Harry Potter author JK Rowling has unveiled a magical three-dimensional image of herself at London's National Portrait Gallery.

The full-length work shows the writer sitting at a table with a notepad and a plate of boiled eggs, evoking the cafe where she wrote much of her first best-seller on the boy wizard.

Rowling, who rarely appears in public, posed twice for artist Stuart Pearson Wright at her mansion in Perthshire, Scotland.

She has said Harry Potter's character came to her "fully formed" during a train journey from Manchester to London. She completed much of the first novel, Harry Potter and the Philosopher's Stone, in longhand in a cafe while living as a single mother in Edinburgh. Sometimes she still writes there.

Six of the seven books in the series have been published - one for each year Harry and his friends spend at the Hogwarts school for wizards. The novels have been translated into 62 languages, selling more than a quarter of a billion copies world-wide.

Yet Wright's portrait, begun in early 2004, refers to Rowling not only as a writer, but also as a mother. The three eggs symbolise her three children.

Wright, 30, a London-based artist who won the BP Portrait Award in 2001, said he drew inspiration from 18th century toy theatres.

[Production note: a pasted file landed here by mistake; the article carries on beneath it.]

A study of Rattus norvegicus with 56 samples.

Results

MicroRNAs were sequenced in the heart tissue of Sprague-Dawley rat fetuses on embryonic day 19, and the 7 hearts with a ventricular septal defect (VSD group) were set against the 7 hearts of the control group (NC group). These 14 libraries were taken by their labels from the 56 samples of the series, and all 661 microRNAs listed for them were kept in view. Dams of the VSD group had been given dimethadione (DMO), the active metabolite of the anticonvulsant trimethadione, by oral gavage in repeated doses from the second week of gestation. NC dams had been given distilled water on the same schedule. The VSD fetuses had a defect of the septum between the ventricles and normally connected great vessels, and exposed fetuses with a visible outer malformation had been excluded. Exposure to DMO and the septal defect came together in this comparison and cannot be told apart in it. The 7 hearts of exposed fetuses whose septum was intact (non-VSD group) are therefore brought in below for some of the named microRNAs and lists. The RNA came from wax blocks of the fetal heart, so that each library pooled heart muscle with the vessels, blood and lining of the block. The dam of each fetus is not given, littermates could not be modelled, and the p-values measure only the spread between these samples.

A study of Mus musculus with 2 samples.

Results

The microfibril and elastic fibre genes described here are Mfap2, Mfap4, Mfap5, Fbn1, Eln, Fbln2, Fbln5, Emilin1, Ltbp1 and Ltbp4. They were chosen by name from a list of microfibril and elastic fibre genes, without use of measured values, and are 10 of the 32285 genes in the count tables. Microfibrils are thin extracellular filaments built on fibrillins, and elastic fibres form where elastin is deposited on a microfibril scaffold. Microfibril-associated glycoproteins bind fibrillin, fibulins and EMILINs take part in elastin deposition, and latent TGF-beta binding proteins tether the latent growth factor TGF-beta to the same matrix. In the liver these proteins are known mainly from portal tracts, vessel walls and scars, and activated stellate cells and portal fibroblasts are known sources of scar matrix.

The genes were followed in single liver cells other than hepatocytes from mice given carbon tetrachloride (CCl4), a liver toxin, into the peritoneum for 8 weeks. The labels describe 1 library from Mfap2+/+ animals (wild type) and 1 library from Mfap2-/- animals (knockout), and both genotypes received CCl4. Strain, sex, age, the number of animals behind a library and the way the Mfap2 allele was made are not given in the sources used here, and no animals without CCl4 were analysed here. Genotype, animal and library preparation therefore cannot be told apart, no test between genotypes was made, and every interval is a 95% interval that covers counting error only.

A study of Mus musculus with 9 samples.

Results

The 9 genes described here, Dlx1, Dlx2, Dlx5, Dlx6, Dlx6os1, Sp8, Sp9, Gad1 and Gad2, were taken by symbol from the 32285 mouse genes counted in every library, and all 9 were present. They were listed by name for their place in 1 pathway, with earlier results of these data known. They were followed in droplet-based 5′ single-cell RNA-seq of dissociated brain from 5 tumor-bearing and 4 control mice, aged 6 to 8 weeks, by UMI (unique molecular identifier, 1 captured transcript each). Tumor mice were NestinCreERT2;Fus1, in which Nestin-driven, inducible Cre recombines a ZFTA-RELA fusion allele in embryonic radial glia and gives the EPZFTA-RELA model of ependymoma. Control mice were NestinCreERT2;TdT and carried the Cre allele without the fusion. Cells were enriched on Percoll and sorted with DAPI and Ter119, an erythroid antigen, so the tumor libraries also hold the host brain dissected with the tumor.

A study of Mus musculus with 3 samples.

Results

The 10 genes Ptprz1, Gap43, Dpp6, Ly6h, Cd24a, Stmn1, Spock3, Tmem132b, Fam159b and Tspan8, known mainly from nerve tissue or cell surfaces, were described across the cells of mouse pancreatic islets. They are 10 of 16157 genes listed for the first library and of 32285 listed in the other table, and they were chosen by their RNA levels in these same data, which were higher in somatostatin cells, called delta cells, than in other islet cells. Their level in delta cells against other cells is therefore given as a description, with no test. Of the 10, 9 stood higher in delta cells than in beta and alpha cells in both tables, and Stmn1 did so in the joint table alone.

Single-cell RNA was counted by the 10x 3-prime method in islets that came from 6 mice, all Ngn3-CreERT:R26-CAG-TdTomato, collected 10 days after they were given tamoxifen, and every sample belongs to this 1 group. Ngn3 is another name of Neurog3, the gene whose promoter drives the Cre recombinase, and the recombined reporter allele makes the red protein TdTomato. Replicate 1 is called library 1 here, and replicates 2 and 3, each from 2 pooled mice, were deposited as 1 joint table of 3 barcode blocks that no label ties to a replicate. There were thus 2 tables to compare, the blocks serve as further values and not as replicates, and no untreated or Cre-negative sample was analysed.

"It felt like being a kind of director bringing together a set design, actors and props and then lighting the whole thing."

He depicted the writer, barefoot and wearing a white dress, in a distorted three-dimensional space. The room is empty, except for an aloe vera plant, a radiator and a light switch.

Each object was placed at a different angle for viewers to see it as either two or three-dimensional, depending on where they stand.

The illusionary effect suggests the fantasy world Rowling created in her books.

"This is a captivating portrait with more than a touch of magic," said gallery director Sandy Nairne.

The painting, unveiled on Tuesday, is open to the public to view for free as part of the permanent collection.